How To Write A Futuristic Screenplay

By Eric Owusu · April 3, 2015

“The best thing about the future is that it comes one day at a time.”

Which is true, President Lincoln, but it doesn’t keep audiences from wanting to be lunged forward into the future by an engrossing movie.

Audiences love movies set in the future. Classic Science Fiction is always welcomed. Well, at least mostly. Audiences get interesting glimpses through these kinds of films of how writers imagine life will be years, decades, even eons from now. Several Hollywood blockbusters and cult classics alike have been set in the future, earning awards and fans who pick the screenplays apart for deeper or alternative meanings.

1982’s Sci-Fi Noir Blade Runner, written by Hampton Fancher and David Peoples, is one such screenplay. Set in the not too distant future of 2019, Blade Runner interestingly depicts humanity in a state not too different from its current one, asking what it means to be human in an ever-developing world. The movie and its messages are still hotly debated, even as we get closer to it’s depicted date and aren’t that much closer to having mass produced flying cars.

When writing a screenplay of your own that’s set in the future, keep a few of the following aspects in mind.

World Building is MOST Vital in Science Fiction 

This part can be the most challenging because as the writer, you can create any and every aspect of your futuristic world that you desire. If you’re like most writers and have a very vivid imagination, narrowing down the most important parts for your screenplay that you come up with to a few futuristic aspects can be daunting.

Pick things that will help best illustrate the themes and messages of your screenplay’s story. Blade Runner is set in a dark, dystopian world where there is new futuristic technology that doesn’t fully exist in the present, but also has decrepit buildings and crumbling infrastructure. The writers went this route to help add a sense of paranoia so that the question of “Are they really human? Am I really human?” would rise more naturally. 2008’s Speed Racer is based on an animated series and is set in the future. It’s a fast-paced action movie that is bright, colorful and stylized to emphasize the speed, action and adrenaline-fueled good time. In your screenplay, paint a picture that accurately depicts the world you want to present. If your future is grim, use grim adjectives to describe characters, settings and objects in their world. Speaking of objects…

Include Interesting Futuristic Objects

Blade Runner’s plot is heavily dependent on the futuristic invention of the Replicants. Replicants are humanoid beings that aren’t always in the know about what they are. As far as I know and as recently as this piece has been published, there aren’t any human-like androids walking around without empathy towards animals.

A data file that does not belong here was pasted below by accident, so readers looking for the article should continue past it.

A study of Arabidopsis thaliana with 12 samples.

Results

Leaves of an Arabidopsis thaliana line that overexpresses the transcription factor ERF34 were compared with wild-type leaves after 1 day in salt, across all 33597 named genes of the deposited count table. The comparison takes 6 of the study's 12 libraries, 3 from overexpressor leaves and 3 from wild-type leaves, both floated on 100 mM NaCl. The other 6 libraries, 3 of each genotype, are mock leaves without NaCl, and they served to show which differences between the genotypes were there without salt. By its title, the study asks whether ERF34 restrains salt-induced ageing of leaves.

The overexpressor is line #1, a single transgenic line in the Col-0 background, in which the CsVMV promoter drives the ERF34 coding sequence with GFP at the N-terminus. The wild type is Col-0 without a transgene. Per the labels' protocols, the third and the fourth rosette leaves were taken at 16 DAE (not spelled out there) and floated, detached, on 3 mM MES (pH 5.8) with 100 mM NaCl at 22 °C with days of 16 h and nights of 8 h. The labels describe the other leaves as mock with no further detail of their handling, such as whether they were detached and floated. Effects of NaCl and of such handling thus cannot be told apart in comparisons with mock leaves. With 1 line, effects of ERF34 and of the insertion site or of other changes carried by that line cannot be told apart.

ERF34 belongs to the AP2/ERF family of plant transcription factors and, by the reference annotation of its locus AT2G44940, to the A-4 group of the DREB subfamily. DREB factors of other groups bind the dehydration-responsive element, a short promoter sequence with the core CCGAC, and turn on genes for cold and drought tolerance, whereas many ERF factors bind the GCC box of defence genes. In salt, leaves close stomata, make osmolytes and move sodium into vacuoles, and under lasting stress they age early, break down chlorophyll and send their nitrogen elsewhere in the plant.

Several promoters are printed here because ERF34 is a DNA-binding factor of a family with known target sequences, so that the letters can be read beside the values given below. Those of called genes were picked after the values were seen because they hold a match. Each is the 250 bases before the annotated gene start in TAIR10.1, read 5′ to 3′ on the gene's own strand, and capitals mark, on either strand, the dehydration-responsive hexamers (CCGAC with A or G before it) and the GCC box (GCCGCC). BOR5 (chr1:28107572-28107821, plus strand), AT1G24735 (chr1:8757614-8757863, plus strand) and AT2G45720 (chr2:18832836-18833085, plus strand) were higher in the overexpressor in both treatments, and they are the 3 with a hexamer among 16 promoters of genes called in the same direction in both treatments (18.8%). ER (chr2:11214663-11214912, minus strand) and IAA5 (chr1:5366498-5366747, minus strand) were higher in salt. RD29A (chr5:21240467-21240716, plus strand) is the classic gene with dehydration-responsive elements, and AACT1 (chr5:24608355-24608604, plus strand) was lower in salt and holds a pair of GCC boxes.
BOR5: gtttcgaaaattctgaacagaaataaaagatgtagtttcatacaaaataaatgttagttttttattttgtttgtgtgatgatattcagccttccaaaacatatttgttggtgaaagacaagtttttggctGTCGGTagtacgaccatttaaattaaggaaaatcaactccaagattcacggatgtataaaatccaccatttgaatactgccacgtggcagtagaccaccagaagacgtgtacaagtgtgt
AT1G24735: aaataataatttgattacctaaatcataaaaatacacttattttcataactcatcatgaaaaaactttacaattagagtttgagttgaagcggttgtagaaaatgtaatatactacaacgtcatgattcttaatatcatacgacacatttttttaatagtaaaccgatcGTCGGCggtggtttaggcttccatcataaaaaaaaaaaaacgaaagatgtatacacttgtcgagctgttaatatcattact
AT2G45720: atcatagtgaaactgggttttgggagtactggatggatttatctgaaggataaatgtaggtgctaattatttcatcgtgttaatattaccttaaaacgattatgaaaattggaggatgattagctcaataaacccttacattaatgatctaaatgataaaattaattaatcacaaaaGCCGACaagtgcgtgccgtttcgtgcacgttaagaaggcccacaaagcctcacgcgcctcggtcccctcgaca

In your screenplay, set in the future; help your audience see what you want them to see by captivating them with things you want your future world to have. Flying cars, laser guns, androids, artificial intelligence systems that are commonplace and other things that don’t exist for public consumption currently will help transport your audience to your world and set it apart from the one we all currently inhabit.

Define Your Characters and the Challenges They Face

Harrison Ford plays Deckard, a Blade Runner who retires/kills Replicants. He does not want to do so, especially after meeting one of the replicants he has to retire and developing an intimate relationship with her, but he is being forced to. The Replicants, meanwhile, want to live longer, fuller lives like the humans they walk amongst. This screenplay is full of empathetic characters and relatable circumstances for the audience to take interest in and be committed to watching unfold.

Take your time in displaying the characteristics of your main and supporting characters when writing your screenplay. Remember, the audience needs to feel a specific way (positive or negative) for each character to some degree. You have roughly 90+ pages to get audiences invested in who they are, what they’re doing and why they’re doing so. Even in a world set in the future, age-old storytelling techniques drive the story forward, in time and progression.

Also, be sure to include situations where your characters are conflicted and the human story and charactersitics can transcend, causing the characters to make choices that only exist in the futuristic world you’ve let your audience in to observe. Deckard has to kill Replicants, beings who believe they’re human or want to live normal lives, in a world where their duration is predetermined and non negotiable. That is heavy material and can be paralleled with circumstances in the real world. Are you making statements in your futuristic screenplay? Why or why not? If so, what are they? Remember, Science Fiction's backbone is the human characters and story that shine through the foreign environments we are watching. 

Enjoy piecing together your futuristic screenplay, one day at a time.